History of the Peloponnesian War


Thucydides. The Peloponnesian War. London, J. M. Dent; New York, E. P. Dutton. 1910.

After spending a great part of the day in advancing and retreating and skirmishing with each other, without either being able to gain any advantage worth speaking of, except that the Syracusans sank one or two of the Athenian vessels, they parted, the land force at the same time retiring from the lines.

The next day the Syracusans remained quiet, and gave no signs of what they were going to do; but Nicias, seeing that the battle had been a drawn one, and expecting that they would attack again, compelled the captains to refit any of the ships that had suffered, and moored merchant vessels before the stockade which they had driven into the sea in front of their ships,

to serve instead of an enclosed harbor, at about two hundred feet from each other, in order that any ship that was hard pressed might be able to retreat in safety and sail out again at leisure.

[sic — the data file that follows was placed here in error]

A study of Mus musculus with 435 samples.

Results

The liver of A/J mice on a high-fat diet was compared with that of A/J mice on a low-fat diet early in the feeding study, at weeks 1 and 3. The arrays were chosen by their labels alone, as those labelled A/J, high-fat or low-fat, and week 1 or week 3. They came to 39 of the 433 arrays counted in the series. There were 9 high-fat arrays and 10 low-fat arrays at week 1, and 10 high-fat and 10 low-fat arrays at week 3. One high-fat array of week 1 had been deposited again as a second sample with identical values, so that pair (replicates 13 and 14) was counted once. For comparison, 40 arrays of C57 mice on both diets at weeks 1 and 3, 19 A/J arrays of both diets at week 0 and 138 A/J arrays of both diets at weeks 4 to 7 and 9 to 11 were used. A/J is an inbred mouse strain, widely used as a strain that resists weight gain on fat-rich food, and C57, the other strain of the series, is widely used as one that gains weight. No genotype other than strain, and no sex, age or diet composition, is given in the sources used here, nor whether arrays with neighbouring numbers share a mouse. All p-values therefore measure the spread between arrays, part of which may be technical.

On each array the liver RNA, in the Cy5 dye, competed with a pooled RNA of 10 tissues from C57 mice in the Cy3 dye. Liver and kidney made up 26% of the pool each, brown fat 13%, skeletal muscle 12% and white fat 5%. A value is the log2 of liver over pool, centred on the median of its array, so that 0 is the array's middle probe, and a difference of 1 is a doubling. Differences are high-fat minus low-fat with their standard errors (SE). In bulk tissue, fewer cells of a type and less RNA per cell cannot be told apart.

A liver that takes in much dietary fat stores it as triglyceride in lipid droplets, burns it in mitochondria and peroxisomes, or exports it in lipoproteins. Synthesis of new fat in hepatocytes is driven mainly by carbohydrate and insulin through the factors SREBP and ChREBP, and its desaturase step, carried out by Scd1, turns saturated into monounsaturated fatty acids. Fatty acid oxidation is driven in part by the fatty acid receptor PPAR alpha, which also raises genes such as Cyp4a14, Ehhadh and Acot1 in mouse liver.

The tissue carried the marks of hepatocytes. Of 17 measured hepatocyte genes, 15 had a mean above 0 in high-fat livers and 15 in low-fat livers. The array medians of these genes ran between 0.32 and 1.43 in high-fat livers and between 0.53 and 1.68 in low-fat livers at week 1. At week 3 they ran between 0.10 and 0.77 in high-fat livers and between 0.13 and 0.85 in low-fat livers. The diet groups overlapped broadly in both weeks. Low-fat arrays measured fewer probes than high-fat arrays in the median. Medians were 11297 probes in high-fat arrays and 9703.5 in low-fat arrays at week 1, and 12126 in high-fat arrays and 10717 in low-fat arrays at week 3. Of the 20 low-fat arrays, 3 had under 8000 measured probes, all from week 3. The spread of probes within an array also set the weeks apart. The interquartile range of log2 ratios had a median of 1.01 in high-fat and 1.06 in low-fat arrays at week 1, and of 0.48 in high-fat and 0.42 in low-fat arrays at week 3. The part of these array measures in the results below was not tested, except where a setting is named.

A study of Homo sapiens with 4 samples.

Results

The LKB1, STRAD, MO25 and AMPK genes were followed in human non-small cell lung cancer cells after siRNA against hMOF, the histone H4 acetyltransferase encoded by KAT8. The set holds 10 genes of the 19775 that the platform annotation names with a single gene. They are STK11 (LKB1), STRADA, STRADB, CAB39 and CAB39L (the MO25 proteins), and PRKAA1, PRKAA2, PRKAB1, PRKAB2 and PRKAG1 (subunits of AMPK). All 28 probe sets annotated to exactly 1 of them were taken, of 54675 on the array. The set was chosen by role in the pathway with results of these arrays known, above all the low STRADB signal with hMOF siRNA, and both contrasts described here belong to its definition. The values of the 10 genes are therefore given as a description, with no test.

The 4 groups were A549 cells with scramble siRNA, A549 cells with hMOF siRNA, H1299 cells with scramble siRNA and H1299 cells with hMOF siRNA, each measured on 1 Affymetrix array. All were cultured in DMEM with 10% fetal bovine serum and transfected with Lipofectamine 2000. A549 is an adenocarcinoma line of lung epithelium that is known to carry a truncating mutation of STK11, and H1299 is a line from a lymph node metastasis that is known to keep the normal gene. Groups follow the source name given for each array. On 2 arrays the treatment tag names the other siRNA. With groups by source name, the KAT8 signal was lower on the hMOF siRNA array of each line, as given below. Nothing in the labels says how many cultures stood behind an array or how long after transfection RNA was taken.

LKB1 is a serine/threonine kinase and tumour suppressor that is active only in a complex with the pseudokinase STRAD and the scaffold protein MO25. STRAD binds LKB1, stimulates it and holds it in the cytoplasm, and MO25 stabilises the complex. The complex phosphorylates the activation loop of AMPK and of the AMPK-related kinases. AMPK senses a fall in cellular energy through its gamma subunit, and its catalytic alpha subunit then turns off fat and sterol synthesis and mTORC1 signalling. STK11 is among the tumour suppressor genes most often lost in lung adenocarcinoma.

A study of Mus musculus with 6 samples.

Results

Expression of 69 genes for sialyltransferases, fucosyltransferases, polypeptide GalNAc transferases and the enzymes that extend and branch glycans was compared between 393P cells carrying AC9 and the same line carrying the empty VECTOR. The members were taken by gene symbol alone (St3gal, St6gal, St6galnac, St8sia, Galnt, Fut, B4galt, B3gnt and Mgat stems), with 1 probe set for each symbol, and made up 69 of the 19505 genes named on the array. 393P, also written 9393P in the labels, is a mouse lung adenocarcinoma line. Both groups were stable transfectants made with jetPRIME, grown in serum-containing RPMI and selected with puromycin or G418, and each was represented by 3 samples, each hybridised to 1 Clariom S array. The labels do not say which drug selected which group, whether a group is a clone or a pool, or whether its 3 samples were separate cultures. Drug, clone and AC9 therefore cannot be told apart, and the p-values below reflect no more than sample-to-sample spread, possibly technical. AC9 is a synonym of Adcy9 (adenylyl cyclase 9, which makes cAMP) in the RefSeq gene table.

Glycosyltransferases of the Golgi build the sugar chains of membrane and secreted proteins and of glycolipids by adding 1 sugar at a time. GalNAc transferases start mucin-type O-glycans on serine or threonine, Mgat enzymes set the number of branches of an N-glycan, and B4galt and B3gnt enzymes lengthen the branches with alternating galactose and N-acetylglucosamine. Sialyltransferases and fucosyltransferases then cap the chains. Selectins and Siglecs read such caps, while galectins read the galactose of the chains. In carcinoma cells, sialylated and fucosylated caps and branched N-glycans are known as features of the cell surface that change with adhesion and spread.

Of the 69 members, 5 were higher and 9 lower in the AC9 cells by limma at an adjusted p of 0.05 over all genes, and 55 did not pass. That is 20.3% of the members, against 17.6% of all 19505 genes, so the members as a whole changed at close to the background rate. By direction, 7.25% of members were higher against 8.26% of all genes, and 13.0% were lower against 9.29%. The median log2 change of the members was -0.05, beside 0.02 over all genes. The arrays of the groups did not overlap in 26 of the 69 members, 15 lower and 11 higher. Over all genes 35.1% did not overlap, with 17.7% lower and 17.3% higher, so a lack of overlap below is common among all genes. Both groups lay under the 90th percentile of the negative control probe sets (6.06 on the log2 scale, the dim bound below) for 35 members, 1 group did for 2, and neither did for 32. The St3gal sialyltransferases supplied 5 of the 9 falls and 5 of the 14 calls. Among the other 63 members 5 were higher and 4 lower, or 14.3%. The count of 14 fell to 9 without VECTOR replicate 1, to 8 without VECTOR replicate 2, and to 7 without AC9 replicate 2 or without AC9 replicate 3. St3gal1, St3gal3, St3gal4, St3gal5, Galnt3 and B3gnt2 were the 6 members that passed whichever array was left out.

These preparations occupied the Athenians all day until nightfall.

The next day the Syracusans began operations at an earlier hour, but with the same plan of attack by land and sea.

A great part of the day the rivals spent as before, confronting and skirmishing with each other; until at last Ariston, son of Pyrrhicus, a Corinthian, the ablest helmsman in the Syracusan service, persuaded their naval commanders to send to the officials in the city, and tell them to move the sale market as quickly as they could down to the sea, and oblige every one to bring whatever eatables he had and sell them there, thus enabling the commanders to land the crews and dine at once close to the ships, and shortly afterwards, the selfsame day, to attack the Athenians again when they were not expecting it.